No one knows whether Plato ever flipped anyone the bird but he might have. People have been raising their middle finger to indicate something other than “Does this cuticle need trimming?” since the time of the ancient Greeks. Like democracy and feta cheese, it spread around the world.
The middle finger isn’t the only digit with a message. The thumb talks too, but generally in happier tones, with an upward point indicating approval, good news or some other nicety. That pleasant gesture is thought to have sprung from the grim business of gladiatorial combat, when spectators in the Roman Coliseum would give a thumbs-up or down to determine whether a beaten competitor should live or die. What began in Rome similarly went global.
Billions of people may speak this digital lingo and plenty of scientists have tried to study it. Most recently, psychologists Jesse Chandler and Norbert Schwarz came at it in a new way. In a study published in the Journal of Experimental Social Psychology, they explored the effect that finger gestures have not on the people at whom they’re aimed, but on the bird-flippers and thumbs-uppers themselves.
The idea was to determine whether the emotional impact of learned symbolic speech, or semiotics, could be as deeply felt as that of inborn gestures. Shrugging the shoulders, for example, is a universal and inherent gesture of confusion or surrender, probably because it lowers the head relative to the upper body, conveying submission. Yes or no head nods may go all the way back to infancy, as babies tend to search for the breast by moving their heads up and down and detach by moving side to side effectively saying “yes, please” and “no more.” Not every culture uses head nods this way, but they are thought to be the exception rather than the rule.
It’s no surprise that primally wired gestures should be connected with powerful feelings, because they exist to express just those states. But what about acquired ones Can a gesture that had no meaning until someone explained it to us become as profound a part of our emotional language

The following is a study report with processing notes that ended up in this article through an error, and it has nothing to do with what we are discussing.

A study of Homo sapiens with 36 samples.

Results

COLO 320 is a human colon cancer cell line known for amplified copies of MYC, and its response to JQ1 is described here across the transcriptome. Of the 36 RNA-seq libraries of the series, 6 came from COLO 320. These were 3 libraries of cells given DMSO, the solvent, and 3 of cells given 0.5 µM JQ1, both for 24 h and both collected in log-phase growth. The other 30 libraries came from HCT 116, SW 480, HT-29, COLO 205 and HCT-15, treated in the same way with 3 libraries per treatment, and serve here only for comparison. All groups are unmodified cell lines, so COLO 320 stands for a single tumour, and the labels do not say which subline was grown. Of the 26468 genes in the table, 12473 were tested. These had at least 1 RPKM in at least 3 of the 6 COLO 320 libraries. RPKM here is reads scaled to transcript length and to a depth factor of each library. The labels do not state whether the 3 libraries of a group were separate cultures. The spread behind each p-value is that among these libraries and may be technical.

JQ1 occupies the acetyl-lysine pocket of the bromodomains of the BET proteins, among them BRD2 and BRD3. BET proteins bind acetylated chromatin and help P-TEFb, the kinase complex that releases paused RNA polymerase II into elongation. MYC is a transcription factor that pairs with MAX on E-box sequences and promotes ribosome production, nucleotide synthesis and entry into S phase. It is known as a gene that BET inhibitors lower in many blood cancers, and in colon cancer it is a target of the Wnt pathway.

To test this, Chandler and Schwarz recruited a group of 58 students and told them they were studying the link between muscle movements and reading comprehension a link that, in fact, does not exist. The subjects were asked to read a passage about a fictional character named Donald who withheld his rent from his landlord because repairs were not made to his home. The details of the story were left ambiguous enough that Donald could easily be perceived as a justifiably aggrieved tenant or merely a jerk. While they read, different students were asked to extend either the index finger or the middle finger though to keep the test free of the subtle influence of language, the term “middle finger” was never actually used. Instead, the students were shown a diagram in which each finger was labeled alphabetically digit A, B and so on.
When the reading was done, the researchers asked the students to describe their own moods and, significantly, their feelings about Donald. In general, those who had extended the middle finger while reading were less happy than the ones who had held out the index finger. What’s more, they were also likelier not to care very much for Donald or at least to describe him as a hostile person.
“Making the middle-finger gesture brings hostile thoughts to mind,” says Chandler. “In our studies, participants were not even aware that their finger movements resembled ‘the finger,’ and they nevertheless perceived an unrelated other as a more hostile person.”
The thumbs-up gesture worked just the other way. When the researchers repeated the experiment, this time with 74 other students who were asked to raise either the thumb or the index finger, Donald’s good-conduct marks went way up. Those results, however, were not uniform across the entire group. Women were much more positively affected by raising their thumbs than men were a difference that did not emerge in the middle finger study. This was not entirely surprising to the researchers.
“Women are more likely than men to use a ‘tend-and-befriend’ strategy in conflict situations,” says Chandler. “They may therefore be more sensitive to positive body language.”
So is there any lesson from this work beyond, you know, next time you see Donald try not to give him the finger Chandler believes there is. Most of the time we flip someone off, he points out, we do so secretly, in the privacy of the car or after the person has walked away a good idea if we want to avoid getting slugged. But that doesn’t mean no one gets hurt.
“Even when nobody sees the gesture, it may have an adverse effect,” Chandler says, “leaving us more convinced that other people are nasty and hostile. This may lead to additional hostile acts down the road.” If today’s finger can indeed be tomorrow’s fistfight, the best bet might simply be to keep our hands in our pockets.